Colic Season

Researchers at the University of Liverpool in the United Kingdom set out to answer the question of whether the time of year/season has an effect on the number of colic cases.

Using sophisticated statistical methods, they examined the university’s colic case files dating back to 1991. As you might expect, strangulation of the bowel by the stalk of a lipoma — fatty tumors that hang on a long stalk and may become wrapped around the bowel like a bolero — showed no seasonal pattern. However, a clear fall/winter peak was found for impactions, spring for equine grass sickness (a problem in the United Kingdom likely associated with exposure to the bacterium that causes botulism), and with peaks in both the spring and fall for all other types of colic.

Management factors were not specifically analyzed in this study, but the authors did discuss how their findings might tie in with those of other studies that did look at management. These aspects included more time spent in a stall, reduction in level of exercise and/or turn out and change of diets either higher or lower in roughage.

As a corollary to this, we would point out that reduction in grass consumption and substitution of hay for grass greatly reduces the amount of water the horse is taking in while eating. Grass is 80+% water, while hay is about 10%. The authors also discussed a possible link between bad weather and colic, but stated it would be difficult to separate out whether it was the weather per se or the fact that horses are more likely to be stabled during bad weather.

This study drives home some basic and well-known-truths regarding feeding and management as they apply to avoid colic, specifically:

1. Make all changes in diet gradually, including both concentrates and hay, to give the intestinal tract a chance to adapt. Make substitutions over a period of a minimum of four days, preferably 14 days.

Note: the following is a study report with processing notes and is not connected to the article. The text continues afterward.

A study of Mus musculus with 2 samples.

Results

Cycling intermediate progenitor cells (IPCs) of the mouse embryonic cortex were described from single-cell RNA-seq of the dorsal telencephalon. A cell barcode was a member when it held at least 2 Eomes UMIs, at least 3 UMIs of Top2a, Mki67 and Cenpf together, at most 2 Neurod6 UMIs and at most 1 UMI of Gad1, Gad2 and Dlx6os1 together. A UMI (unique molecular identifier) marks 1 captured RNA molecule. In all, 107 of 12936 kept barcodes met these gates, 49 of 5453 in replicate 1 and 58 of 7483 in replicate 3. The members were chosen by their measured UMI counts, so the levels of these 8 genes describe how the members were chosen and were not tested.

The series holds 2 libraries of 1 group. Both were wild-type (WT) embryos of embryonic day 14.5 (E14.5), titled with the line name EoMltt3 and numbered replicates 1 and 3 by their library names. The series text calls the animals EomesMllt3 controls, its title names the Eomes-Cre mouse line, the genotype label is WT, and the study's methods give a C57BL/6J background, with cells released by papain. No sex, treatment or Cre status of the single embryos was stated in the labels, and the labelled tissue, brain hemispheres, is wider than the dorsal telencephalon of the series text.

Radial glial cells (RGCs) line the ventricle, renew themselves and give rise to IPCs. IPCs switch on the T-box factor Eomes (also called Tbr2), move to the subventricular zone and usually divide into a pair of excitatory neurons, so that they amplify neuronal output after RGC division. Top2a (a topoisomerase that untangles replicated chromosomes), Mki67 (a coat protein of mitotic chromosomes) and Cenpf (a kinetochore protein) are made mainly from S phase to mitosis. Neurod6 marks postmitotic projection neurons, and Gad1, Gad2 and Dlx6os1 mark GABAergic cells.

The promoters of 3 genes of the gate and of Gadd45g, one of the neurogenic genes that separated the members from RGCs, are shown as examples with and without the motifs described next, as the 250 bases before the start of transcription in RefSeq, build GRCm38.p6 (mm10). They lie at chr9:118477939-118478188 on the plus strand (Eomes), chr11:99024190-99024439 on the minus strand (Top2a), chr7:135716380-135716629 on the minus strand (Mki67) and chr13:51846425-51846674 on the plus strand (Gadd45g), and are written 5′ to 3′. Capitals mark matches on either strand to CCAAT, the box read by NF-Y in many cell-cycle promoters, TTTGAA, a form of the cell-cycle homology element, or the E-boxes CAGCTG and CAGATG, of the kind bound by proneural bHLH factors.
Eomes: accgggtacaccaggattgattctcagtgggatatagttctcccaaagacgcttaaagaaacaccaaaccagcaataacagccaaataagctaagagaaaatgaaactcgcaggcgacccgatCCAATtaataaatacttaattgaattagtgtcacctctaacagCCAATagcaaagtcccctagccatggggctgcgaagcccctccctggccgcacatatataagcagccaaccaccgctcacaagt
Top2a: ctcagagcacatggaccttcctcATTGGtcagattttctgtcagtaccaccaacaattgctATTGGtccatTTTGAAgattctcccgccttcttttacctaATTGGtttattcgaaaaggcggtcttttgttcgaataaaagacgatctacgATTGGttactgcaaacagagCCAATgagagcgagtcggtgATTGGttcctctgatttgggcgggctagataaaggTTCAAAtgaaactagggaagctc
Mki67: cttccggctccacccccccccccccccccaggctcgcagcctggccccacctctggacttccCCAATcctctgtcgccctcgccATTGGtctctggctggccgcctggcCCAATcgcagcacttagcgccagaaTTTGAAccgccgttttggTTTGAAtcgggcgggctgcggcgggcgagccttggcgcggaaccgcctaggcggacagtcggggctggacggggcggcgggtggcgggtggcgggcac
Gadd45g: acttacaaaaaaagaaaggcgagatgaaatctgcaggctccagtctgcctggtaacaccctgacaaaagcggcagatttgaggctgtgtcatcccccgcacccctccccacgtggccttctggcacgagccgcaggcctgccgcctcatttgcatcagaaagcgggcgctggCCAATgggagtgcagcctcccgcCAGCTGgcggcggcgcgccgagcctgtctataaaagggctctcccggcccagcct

2. An unlimited supply of clean, fresh water should be available at all times and especially when horses are consuming hay.

3. Exercise is extremely important to normal functioning of the intestinal tract. A switch from turnout to stall confinement and from grass to dry hay puts the horse at particularly high risk for colic.

When real life intervenes (hay shortages, drought, horse moved to a new location with little or no pasture, turnout or riding must be cut back), there are some measures you can take to try and minimize risk:

1. Add salt directly to the feed to encourage good drinking. Use a minimum of 1 oz. (2 tablespoons) of table salt in the winter, 2+ ozs. in the summer, divided between feedings.

2. Hang an extra water bucket.

3. Consider pre- or probiotic use (we recommend using Ration Plus) if an abrupt change in hay or grain cannot be avoided.

4. If time for riding or turnout is at a premium, at least longe the horse for 20 to 30 minutes/day — or pay someone else to do it.

For details and more tips, see our upcoming article on Digestive Aids.